09/12/2011 - Addressing growing inequalities is now at the centre of the political debate and all countries are taking different actions to address it. Increasing inequality reaches far beyond economic implications, raising a number of political and ethical questions which have wide-ranging consequences for the future of all societies.
Globalisation and the sustainable growth path of many economies in transition and developed countries have produced impressive results in terms of economic growth, social development and poverty reduction. However, the benefits of stronger growth have not always been shared equally and income inequality has remained at very high levels. Achieving greater equality as a key to social cohesion remains a priority for every society.
Participants in the International Tax Dialogue 4th ITD Global Conference on Tax and Inequality, held in New Delhi, India on 7-9 December 2011, discussed the role of taxation in reducing inequalities in income and wealth. The conference tried to identify which policies have failed and which could play a greater role in reducing inequalities in the future.
More than 400 senior tax policymakers and administrators from almost 90 countries participated in this event hosted by the Finance Ministry of India and organised by the International Tax Dialogue (ITD). The ITD is a joint initiative of various organisations working on tax issues – the IMF, the OECD, the World Bank, the European Commission, the IADB, and CIAT. The global conferences of the ITD have established a reputation of providing a unique opportunity for those engaged in making decisions about tax to discuss global issues.
In his closing remarks, Rintaro Tamaki, Deputy Secretary-General of the OECD, said “As I travel around the world, a question that I get repeatedly asked is how can we deal with inequalities? What will be the impact of the crisis? How do we reconcile the fact that the behaviour of banks was one of the major causes of crisis yet despite public bailouts, we see them continue to pay millions of dollars in bonuses? How can we show our citizens that the gains and the benefits of globalisation are being fairly shared?"
"Politicians need to have good answers to these questions, and they need to have answers quickly, otherwise we risk a back lash against globalisation as countries move back towards protectionism.
This conference has shown that “smart” tax policy can reconcile the need to promote sustainable growth with the need to reduce excessive inequalities, particularly at the top end of the income scale."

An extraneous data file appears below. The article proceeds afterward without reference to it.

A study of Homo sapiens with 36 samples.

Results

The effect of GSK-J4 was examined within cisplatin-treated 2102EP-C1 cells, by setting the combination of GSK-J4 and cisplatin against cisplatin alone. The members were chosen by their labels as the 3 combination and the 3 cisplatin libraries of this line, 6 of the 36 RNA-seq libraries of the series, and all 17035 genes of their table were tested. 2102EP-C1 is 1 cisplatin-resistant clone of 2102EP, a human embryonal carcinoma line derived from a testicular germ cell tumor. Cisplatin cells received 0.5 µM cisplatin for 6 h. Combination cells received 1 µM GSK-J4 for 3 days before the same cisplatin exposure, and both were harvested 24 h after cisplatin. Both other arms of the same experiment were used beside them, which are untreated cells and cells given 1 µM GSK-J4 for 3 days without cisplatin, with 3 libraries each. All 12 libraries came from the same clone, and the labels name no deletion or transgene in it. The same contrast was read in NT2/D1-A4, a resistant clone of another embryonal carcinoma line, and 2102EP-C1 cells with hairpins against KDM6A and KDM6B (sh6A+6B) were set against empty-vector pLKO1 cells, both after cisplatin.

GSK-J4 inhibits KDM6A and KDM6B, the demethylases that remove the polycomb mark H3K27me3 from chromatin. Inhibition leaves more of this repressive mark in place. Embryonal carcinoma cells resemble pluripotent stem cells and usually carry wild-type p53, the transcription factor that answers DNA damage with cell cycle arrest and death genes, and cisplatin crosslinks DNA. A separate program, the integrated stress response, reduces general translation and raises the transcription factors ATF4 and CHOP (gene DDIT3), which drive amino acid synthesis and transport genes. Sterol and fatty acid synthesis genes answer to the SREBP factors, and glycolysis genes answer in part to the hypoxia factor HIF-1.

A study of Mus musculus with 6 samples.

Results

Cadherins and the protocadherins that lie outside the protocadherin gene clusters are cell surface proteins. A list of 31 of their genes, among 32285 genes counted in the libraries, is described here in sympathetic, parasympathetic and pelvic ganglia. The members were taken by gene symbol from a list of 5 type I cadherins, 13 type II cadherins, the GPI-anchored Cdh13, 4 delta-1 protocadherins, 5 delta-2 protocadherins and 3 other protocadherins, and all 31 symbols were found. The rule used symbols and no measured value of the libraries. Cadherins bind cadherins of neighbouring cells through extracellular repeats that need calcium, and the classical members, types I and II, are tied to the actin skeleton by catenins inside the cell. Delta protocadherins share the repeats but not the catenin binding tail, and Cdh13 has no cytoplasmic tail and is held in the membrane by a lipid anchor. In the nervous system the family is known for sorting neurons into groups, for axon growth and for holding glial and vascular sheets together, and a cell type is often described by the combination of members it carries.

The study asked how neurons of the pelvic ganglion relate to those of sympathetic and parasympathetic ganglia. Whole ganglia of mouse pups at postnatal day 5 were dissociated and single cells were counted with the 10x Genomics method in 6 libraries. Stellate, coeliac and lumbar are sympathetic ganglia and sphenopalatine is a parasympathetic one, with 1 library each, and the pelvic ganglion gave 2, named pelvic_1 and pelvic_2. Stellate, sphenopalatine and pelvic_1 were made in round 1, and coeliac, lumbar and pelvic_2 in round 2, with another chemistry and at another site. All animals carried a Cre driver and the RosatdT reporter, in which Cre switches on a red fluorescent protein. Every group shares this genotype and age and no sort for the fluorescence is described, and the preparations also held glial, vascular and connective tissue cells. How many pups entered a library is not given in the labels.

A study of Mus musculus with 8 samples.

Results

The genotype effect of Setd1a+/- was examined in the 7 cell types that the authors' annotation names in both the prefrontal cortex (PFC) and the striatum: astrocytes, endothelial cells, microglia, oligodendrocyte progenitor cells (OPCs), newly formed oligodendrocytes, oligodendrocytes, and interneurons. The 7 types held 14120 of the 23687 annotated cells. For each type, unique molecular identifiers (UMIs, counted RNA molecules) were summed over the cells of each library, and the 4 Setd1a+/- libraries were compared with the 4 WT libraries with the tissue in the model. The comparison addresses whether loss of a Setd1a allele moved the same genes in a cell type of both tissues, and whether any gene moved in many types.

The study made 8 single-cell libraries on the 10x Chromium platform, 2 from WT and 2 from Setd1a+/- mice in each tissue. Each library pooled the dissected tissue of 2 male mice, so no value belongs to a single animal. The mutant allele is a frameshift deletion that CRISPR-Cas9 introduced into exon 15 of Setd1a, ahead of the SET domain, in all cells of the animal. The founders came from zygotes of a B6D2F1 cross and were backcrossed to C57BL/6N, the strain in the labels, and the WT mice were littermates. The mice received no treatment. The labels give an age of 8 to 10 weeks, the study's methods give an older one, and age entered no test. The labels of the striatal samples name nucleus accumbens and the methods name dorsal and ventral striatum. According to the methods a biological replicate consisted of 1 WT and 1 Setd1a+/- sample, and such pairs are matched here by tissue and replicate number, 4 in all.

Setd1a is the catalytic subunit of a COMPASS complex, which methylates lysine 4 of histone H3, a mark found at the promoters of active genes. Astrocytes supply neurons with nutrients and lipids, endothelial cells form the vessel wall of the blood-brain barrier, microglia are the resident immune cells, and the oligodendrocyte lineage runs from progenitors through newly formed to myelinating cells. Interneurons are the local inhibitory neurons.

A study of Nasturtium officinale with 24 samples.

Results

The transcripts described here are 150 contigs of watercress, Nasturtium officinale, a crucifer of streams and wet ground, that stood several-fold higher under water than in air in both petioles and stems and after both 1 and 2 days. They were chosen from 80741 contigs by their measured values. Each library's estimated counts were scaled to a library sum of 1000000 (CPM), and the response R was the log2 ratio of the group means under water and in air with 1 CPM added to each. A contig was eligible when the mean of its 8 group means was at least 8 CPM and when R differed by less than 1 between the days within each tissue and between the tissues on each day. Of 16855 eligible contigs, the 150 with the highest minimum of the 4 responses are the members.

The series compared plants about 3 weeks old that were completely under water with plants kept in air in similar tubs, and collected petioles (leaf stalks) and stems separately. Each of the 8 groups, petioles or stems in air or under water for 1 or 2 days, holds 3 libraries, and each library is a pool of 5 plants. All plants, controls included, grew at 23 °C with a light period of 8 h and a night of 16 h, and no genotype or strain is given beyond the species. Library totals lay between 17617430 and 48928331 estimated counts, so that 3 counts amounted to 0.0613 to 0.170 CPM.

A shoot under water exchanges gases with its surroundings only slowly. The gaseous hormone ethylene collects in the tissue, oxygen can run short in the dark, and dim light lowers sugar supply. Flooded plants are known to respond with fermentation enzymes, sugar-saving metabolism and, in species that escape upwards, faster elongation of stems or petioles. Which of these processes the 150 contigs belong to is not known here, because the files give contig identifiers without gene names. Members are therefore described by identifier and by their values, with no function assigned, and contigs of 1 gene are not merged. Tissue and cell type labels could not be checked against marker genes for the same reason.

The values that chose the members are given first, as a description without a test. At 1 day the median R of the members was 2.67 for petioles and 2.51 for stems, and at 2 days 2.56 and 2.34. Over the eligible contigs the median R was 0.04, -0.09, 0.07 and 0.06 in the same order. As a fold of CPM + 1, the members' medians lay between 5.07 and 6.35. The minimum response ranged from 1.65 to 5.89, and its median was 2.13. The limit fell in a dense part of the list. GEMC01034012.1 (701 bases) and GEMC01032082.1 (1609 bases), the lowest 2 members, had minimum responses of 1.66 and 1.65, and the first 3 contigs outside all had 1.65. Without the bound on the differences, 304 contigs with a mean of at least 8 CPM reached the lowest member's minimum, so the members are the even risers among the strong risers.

"The ITD recognises that in order to have a real impact on what happens in your countries, there needs to follow up. This is why we are organising a series of regional meetings in Asia, in Latin America, in the MENA region and in Africa. We will make a renewed effort to identify what has worked and what has not worked in using tax policy to reduce inequalities,” Mr. Tamaki said.
In his closing remarks, Mr. R S Gujral, Finance and Revenue Secretary of India, noted that “Many issues were raised in the last two and a half days on how tax can help in reducing inequalities. Participants recognise there is no silver bullet. The solutions need to be adapted to the state of economic development and demographics. Only after taking into account these different factors can the appropriate tax policy response to growing inequalities be addressed.”
During a comprehensive two and a half day programme, conference participants addressed the tax issues raised by economic developments and globalisation that have affected the distribution of income, wealth, and living standards within and between countries over recent years. Income inequality between countries has diminished significantly as economic reform in many emerging economies has spurred growth, significantly reducing levels of absolute poverty globally. However, recent decades have also seen significant changes in the distribution of both wealth and incomes within countries, with notable increases in the share of income enjoyed by those at the very top of the income distribution in many countries. A rising tide has not lifted all boats.
The structural linkages between growth and inequality raise difficult issues about how best to raise taxes in a way which contributes to both growth and equitable development. The financial crisis has further impacted on the underlying trends affecting poverty and inequality globally. Sharp rises in unemployment – and therefore significant losses of income for individuals – in many countries are likely to take a long time to be reversed. The fiscal pressures to increase revenues and need to reduce debt levels in many, principally developed, countries require tough decisions on how far to increase taxes and where to make cuts in public expenditures. The impact on inequality is a crucial consideration for Finance Ministers.
The ITD and its partners believe that facilitating international dialogue on tax policy and administration is important if countries are to make the right informed decisions that reflect their own unique circumstances. We are working together to provide support to countries in developing and implementing tax administration and policy reforms.
Futher information about the conference and background material is available at www.itdweb.org/TaxInequalityConference, or from Alan Carter (Alan.Carter@oecd.org), Head of the ITD Secretariat.
Journalists seeking further information should contact Jeffrey Owens, Director of the OECD’s Centre for Tax Policy, on + 33 6 77 06 67 15.